Professors Stewart and Nakafusa were immediately called down to the infirmary. Partly, so Shareen would only have to explain things once. And, partly, so she could make a very strong recommendation to the de facto leaders of this expedition.
First, she showed them Brad Deane on the CCTV monitor outside the ad hoc quaratine area she had set up for him. Then, she took them to another monitor. One similar to the endoscopic variety Professor Stewart and I had hooked up to the electron microscope, in Shawna Kozlowski's lab, back at the University of Saint Augustine in Florida.
Into the chamber with the electron gun Shareen put a big glass jar of saline solution. She then turned it on, before explaining to us (while we waited) how she had put a sample of Brad's blood into that solution shortly before discovering his increased state of diminution.
"You won't believe what I found."
That declaration couldn't have been better timed if she planned it. Because, as soon as she made that pronouncement, the image she had been waiting for came on the TV screen.
Celeste was the first one to venture an opinion.
"What on Earth are those? Hunchbacked sea monkeys?"
The rest of us bent down to squint right alongside her. And Professor Stewart gasped.
"No! Those are...those are tardigrades. Just like the ones discovered by the Scott-Davis Expedition!"
"Not quite, professor," I cautioned: "Take a closer look."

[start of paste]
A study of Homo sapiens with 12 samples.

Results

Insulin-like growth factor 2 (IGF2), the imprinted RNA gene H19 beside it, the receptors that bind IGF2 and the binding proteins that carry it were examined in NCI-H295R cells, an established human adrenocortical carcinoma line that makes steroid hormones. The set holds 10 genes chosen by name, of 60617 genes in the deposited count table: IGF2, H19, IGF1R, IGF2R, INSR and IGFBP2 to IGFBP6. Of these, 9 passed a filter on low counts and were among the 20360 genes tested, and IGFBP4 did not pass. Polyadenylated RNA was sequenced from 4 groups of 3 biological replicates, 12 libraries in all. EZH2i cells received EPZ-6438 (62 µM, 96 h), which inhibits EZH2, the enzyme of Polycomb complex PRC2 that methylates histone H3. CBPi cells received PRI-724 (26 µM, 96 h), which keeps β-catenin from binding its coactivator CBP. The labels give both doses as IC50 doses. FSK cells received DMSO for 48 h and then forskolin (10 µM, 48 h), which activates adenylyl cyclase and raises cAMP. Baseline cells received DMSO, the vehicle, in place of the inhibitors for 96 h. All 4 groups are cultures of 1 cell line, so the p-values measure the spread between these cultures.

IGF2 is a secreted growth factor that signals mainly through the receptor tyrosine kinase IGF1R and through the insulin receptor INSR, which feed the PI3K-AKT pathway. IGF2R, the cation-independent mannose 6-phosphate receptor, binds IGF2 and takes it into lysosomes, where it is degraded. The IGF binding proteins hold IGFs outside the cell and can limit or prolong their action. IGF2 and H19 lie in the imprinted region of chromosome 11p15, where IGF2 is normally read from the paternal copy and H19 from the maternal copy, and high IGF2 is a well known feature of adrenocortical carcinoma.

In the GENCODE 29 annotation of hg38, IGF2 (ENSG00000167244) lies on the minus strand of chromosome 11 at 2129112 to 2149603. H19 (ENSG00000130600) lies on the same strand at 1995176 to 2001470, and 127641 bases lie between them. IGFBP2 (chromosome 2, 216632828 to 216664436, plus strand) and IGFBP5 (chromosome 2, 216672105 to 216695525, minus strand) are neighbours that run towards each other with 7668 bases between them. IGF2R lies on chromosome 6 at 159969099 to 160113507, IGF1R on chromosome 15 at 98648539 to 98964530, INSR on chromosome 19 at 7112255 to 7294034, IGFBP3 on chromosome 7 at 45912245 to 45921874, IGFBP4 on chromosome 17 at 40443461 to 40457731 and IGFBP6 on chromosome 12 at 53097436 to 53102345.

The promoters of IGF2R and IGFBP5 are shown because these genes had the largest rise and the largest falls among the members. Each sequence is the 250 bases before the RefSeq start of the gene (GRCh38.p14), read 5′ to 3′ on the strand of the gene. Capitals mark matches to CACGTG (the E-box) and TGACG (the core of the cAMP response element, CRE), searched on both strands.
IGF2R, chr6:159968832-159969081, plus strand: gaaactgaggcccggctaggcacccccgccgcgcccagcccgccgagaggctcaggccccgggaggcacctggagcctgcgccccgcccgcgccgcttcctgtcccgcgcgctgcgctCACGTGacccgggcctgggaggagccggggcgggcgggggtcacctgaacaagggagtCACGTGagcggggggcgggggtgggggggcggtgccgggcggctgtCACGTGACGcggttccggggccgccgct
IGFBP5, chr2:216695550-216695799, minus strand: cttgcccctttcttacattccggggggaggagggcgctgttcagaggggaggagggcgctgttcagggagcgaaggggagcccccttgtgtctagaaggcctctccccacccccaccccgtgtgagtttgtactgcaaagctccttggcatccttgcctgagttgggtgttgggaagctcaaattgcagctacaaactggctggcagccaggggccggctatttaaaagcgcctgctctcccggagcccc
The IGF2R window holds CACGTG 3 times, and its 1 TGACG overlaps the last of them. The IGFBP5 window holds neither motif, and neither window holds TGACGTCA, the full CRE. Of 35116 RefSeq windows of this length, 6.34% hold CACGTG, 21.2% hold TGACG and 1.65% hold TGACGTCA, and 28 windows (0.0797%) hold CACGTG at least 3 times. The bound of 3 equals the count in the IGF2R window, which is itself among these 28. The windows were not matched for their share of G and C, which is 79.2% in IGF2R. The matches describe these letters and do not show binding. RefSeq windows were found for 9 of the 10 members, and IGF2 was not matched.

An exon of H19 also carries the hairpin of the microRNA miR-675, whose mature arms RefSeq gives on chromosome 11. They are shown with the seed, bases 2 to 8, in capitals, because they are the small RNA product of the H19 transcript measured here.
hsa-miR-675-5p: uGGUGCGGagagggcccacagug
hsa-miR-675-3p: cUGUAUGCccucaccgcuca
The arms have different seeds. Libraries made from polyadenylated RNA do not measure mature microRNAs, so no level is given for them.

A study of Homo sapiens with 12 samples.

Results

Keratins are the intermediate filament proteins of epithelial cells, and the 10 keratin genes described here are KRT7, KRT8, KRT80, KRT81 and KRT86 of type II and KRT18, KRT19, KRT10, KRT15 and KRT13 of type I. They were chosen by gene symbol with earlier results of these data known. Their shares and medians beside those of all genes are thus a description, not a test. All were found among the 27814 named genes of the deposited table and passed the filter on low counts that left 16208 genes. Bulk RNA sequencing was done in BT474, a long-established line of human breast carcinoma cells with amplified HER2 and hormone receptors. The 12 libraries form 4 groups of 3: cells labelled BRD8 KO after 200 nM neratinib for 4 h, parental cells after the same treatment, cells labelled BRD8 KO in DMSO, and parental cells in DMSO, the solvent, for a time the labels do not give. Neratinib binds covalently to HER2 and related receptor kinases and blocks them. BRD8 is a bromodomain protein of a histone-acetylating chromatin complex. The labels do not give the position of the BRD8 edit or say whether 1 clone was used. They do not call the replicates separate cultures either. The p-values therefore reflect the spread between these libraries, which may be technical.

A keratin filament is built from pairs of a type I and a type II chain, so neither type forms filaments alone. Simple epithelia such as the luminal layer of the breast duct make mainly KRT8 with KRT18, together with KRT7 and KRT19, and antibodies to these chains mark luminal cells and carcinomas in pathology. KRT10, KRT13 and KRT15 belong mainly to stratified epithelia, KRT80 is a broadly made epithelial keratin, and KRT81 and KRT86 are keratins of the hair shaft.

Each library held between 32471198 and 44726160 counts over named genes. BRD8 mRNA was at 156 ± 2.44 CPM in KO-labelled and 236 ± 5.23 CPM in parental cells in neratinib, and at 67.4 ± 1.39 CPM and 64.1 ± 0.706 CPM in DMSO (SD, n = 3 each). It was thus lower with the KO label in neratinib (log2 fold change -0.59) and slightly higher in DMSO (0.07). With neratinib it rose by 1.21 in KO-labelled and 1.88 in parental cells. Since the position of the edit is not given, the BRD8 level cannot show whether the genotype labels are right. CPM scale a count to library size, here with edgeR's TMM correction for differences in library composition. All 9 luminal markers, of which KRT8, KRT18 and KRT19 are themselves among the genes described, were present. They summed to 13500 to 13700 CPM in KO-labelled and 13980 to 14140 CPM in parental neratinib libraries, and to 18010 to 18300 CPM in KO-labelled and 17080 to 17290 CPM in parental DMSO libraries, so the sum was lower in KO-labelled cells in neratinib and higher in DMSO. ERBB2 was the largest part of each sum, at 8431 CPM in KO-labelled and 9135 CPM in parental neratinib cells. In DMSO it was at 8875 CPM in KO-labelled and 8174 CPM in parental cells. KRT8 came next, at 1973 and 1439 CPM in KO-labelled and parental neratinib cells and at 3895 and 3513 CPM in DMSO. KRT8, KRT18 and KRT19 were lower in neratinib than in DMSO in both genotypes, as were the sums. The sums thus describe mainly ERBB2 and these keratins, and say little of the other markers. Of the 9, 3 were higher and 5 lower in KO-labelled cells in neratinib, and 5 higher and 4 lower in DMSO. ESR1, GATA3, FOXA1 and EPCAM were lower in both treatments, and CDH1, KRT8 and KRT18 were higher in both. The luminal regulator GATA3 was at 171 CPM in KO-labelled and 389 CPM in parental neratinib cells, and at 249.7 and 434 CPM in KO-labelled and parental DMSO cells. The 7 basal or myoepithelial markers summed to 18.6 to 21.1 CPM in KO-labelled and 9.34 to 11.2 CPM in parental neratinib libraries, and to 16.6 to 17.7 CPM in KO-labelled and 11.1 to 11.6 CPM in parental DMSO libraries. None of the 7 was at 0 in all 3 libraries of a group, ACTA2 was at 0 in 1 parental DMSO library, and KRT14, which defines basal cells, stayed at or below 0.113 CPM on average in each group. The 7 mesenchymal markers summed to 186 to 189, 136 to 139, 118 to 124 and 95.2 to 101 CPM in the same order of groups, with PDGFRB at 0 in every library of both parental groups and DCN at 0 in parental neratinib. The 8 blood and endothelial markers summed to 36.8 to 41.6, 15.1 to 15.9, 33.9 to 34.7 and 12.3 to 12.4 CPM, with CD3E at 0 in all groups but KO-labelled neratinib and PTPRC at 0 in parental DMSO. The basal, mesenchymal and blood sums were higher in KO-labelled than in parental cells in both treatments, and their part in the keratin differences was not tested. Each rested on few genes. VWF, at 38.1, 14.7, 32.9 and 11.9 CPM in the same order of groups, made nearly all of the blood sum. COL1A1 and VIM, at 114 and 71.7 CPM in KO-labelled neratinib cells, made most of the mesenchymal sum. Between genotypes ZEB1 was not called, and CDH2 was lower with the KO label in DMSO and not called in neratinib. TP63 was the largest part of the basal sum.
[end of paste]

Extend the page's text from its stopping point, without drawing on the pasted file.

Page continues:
I pointed to what the tardigrades seemed to be riding like little kids on an obscene merry-go-round. Namely; Protosyngnathus manticora larvae!
"I don't believe it," muttered Kalama: "Tardigrades...living ectoparasitically, like copepods?! That's impossible!"
"The same thing used to be said about endosymbiotic male anglerfish," Professor Stewart reminded her.*
Shareen harrumphed: "Just wait. You ain't seen nothin' yet!"
Whereupon, she withdrew the first jar of saline solution (which I now saw was labeled "Patient Zero") in order to put in another one (labeled "Patient Alpha"). Consequently, a slightly different image appeared on the screen.
Namely; free-swimming tardigrades.
"Where'd you get these, Dr. King?" I asked.
"From a blood sample I took from Dell," she replied: "While I was waiting for our esteemed professors! Two different blood samples, showing two sets of the same micro-organism, under two different forms of locomotion. The first set evidently force-fed into Brad by the flying squid that landed on his face! Which raises the question; how did this bunch get into Dell? It couldn't have been implanted the same way! Not if you truly found him the way you say you did."
Celeste and I both raised our hands, as if we were in a court of law. Verbally affirming that we had found Lydell Briggs out cold, on a mountainous jungle trail, on the mysterious island we had gone through so much to reach and explore.
"Then, I can only hypothesize one of two scenarios," our ship's doctor resumed: "He either ate or drank something, containing these tardigrades, while exploring that trail. If the former, we're going to have to go ashore and collect random samples of anything even remotely edible-looking so we can run tests on them...and, hopefully, concoct an antidote! That goes double for any freshwater springs he might have sipped from. Because, unless we _can_ develop some kind of antidote, the two of them might literally shrink away to nothing before we could get either of them to the nearest naval hospital facility!"